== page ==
On Factions II


In his defense of the Constitution, James Madison devoted Federalist No. 10 to factions. Too popular, factional governments are unstable and rent with injustice and confusion.2 Madison identified two ways to minimize the problem of factions; remove their causes or control their effects.

There are two approaches to deal with the causes; destroy the liberty that feeds factions, or “give every citizen the same opinions, passions, and interests.” The first typifies authoritarian regimes, and the second is but an unreasonable and impossible dream. Neither will do in republican America.

So, that leaves control of the effects of factions that is consistent with liberty. As Madison put it, “To secure the public good and private rights against the danger of (majority) factions, and at the same time to preserve the spirit and form of popular government, was the great desideratum of republican government.” This is a tall order. We see its modern failure on a regular basis when the media trumpet Leftist laws, like Obamacare and Progressive Taxation, passed by congressional majorities, that single out minority victims. The apportionment of taxes on various sorts of property should, according to Madison, reflect the “most exact impartiality,” yet taxation is the premier target of factions. The stronger, majority party prevails at the expense of the minority.3

Today, as the burden of taxation falls to an ever-shrinking minority, we often hear from Article V opponents that the solution to these assaults on liberty is to elect better people. Madison shot down this Utopian fantasy: “It is naïve to say than enlightened statesmen will adjust the clashing interests, making them all subservient to the public good.” Since angelic and perfectly virtuous people do not exist, “either the negative passions and interests in a majority faction must be prevented or that faction must be rendered unable to effect schemes of oppression.”4

So, while perfection in government is impossible, society should still do its best to minimize the danger of majoritarian factions.

First, republican society must avoid democracy, which Madison described as “. . . spectacles of turbulence and contention. They are incompatible with personal security or property rights. Their lives are as short as their deaths (are) violent.” 5 His words come to mind every time my home state of Florida proposes statutes or state constitutional amendments before the people in the form of referenda. We should also cringe when nationwide groups propose to do away with the electoral college.

Second, as the number of states multiplied, Madison expected a wide diversity of interests across a huge continent. Many small factional groups could not threaten the Union. In an era of poor communications, neither could they join into large and dangerous coalitions. Alas, in an age of instant communications, this safety feature no longer applies.

Third, in closing The Federalist #10 Madison rather cryptically cites the structure of government as an important weapon against the danger of factions.6

The structure to which Madison refers, is “the dissimilar modes of constituting the component parts of the government.” The people will directly elect the house of representatives. The senate by the state legislatures. The President by electors chosen for that purpose by the people.7 Consider the near-impossibility of faction to garner majorities of the people in the election of reps, state legislatures in the appointment of senators, and in the Framers’ decentralized mode of presidential elections.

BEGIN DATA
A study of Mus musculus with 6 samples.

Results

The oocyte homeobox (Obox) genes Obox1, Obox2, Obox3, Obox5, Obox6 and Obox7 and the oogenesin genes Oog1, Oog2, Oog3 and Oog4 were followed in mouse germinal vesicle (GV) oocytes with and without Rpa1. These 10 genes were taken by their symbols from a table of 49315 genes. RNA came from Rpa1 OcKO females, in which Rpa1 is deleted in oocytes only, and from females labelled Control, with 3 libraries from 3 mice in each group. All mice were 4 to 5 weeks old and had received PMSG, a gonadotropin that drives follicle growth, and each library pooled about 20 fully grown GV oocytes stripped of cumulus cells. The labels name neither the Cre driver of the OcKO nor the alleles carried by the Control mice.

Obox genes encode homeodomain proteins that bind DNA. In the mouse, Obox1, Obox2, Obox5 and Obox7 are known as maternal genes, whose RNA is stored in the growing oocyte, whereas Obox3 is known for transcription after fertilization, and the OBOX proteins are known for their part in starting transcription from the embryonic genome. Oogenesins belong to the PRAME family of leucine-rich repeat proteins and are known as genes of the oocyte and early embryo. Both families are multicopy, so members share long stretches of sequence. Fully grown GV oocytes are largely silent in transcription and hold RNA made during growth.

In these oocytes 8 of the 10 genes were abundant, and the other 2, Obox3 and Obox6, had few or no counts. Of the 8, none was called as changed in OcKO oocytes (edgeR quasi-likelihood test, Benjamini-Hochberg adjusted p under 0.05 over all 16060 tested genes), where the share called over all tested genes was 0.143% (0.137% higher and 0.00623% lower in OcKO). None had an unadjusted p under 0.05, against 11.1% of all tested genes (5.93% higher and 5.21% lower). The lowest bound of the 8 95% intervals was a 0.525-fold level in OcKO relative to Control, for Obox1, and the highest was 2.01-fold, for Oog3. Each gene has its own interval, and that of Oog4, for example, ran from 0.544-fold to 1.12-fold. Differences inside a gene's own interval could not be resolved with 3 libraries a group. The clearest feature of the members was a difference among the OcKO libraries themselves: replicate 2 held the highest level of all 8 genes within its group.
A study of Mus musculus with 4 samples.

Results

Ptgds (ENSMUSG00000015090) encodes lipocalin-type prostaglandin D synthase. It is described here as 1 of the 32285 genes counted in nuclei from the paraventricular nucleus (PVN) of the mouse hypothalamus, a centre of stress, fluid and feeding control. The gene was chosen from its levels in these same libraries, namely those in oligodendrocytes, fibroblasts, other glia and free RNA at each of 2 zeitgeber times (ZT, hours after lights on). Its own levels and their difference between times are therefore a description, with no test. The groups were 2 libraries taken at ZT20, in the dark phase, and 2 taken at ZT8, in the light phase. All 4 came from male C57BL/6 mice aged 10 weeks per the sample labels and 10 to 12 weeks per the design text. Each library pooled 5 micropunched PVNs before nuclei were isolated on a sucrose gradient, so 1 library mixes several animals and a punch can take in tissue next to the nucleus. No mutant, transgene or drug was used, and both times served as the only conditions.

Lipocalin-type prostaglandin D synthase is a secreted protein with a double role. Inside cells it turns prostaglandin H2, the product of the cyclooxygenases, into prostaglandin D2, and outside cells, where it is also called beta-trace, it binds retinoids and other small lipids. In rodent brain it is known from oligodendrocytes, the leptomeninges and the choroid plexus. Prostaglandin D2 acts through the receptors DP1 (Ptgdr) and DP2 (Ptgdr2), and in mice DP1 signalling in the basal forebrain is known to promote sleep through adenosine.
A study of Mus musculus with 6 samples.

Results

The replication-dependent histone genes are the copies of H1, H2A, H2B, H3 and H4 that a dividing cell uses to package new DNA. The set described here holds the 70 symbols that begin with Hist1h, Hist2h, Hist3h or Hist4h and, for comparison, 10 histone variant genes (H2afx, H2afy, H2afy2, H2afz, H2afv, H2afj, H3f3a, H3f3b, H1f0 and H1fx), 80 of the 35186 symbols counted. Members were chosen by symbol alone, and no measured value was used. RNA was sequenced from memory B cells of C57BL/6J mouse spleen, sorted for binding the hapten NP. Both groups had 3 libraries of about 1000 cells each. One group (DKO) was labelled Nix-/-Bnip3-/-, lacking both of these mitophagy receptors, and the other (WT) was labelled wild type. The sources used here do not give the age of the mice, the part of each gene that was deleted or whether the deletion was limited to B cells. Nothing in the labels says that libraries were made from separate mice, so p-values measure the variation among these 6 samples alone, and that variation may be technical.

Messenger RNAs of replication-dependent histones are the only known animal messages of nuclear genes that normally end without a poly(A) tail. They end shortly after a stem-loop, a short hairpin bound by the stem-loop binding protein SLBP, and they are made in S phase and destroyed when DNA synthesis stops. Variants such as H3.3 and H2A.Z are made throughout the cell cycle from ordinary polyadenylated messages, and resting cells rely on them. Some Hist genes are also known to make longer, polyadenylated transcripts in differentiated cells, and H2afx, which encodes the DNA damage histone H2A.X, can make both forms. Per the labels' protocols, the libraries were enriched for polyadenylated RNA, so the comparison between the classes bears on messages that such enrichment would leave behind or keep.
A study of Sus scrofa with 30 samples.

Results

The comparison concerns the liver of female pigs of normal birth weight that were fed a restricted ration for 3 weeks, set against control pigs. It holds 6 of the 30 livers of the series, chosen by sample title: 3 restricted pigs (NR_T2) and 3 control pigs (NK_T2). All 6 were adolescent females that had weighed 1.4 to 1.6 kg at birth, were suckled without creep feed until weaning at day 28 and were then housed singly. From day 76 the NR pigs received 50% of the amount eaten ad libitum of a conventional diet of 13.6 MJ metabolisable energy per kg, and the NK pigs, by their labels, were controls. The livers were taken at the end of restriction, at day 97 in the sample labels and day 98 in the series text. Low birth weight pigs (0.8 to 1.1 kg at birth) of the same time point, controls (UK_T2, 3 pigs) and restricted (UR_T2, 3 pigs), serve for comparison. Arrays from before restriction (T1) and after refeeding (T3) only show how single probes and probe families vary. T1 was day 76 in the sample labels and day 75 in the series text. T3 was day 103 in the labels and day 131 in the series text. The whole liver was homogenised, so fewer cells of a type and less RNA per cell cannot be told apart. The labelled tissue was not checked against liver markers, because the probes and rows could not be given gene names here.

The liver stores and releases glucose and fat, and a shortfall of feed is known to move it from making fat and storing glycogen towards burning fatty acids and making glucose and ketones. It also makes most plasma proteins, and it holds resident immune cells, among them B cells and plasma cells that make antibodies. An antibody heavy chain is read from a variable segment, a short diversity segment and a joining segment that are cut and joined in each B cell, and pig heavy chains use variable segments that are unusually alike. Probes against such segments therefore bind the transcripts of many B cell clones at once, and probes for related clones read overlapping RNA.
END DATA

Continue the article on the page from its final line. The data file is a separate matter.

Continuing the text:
Subsequent generations not only corrupted the mode of electing senators, which they did constitutionally via the 17th Amendment, but consider the damage done to presidential elections. While the people still choose electors, the voting options available to electors are typically the candidates of one of two outright factions, of political parties, rather than nationally recognized men or women of the highest character and accomplishments.8

Closing. The corruption, the democratization of senatorial and presidential elections cleared the way for today’s factional government. It is why Senator Chuck Schumer, without any danger to his reelection, can openly advocate unlimited immigration to secure the power of his party at the expense of diluting the precious jewel of American citizenship. It is why the 17th Amendment must go before further democratization in the form a National Popular Vote for President, dooms our republic to ever-more anarchy and eventual dissolution.

We are the many; our oppressors are the few. Government is the playground of politicians, but the Constitution is ours. Be proactive. Restore the American Tradition. Join Convention of States.

1. Wood, G. S. (1969). The Creation of the American Republic 1776-1787. Chapel Hill: The University of North Carolina Press., 403, 502.

2. Recall how Obama and Scotus unconstitutionally amended Obamacare at-will.
3. Webster. (1999). The Federalist Papers in Modern Language Indexed for Today’s Political Issues. Bellvue, WA: Merril Press., 47.
4. Ibid., 47.
5. Ibid., 47-48.
6. Ibid., 49.
7. Ibid., 245.
8. Donald Trump-The Echo of Our Framers’ Uncorrupted President
The Framers’ President II

2 thoughts on “On Factions II

  1. Pingback: Drew Bosch

    1. Rodney Dodsworth Post author

      Thanks Drew!
      Since you brought up “see this website every day,” you provided me a segue to announce changes to my publishing frequency. After almost 300 posts in just two years, I am shifting gears to a single weekly post. To continue writing quality squibs, I wish to read and absorb some of the books gathering dust on my shelf. My intent is to publish on Mondays. Thanks again!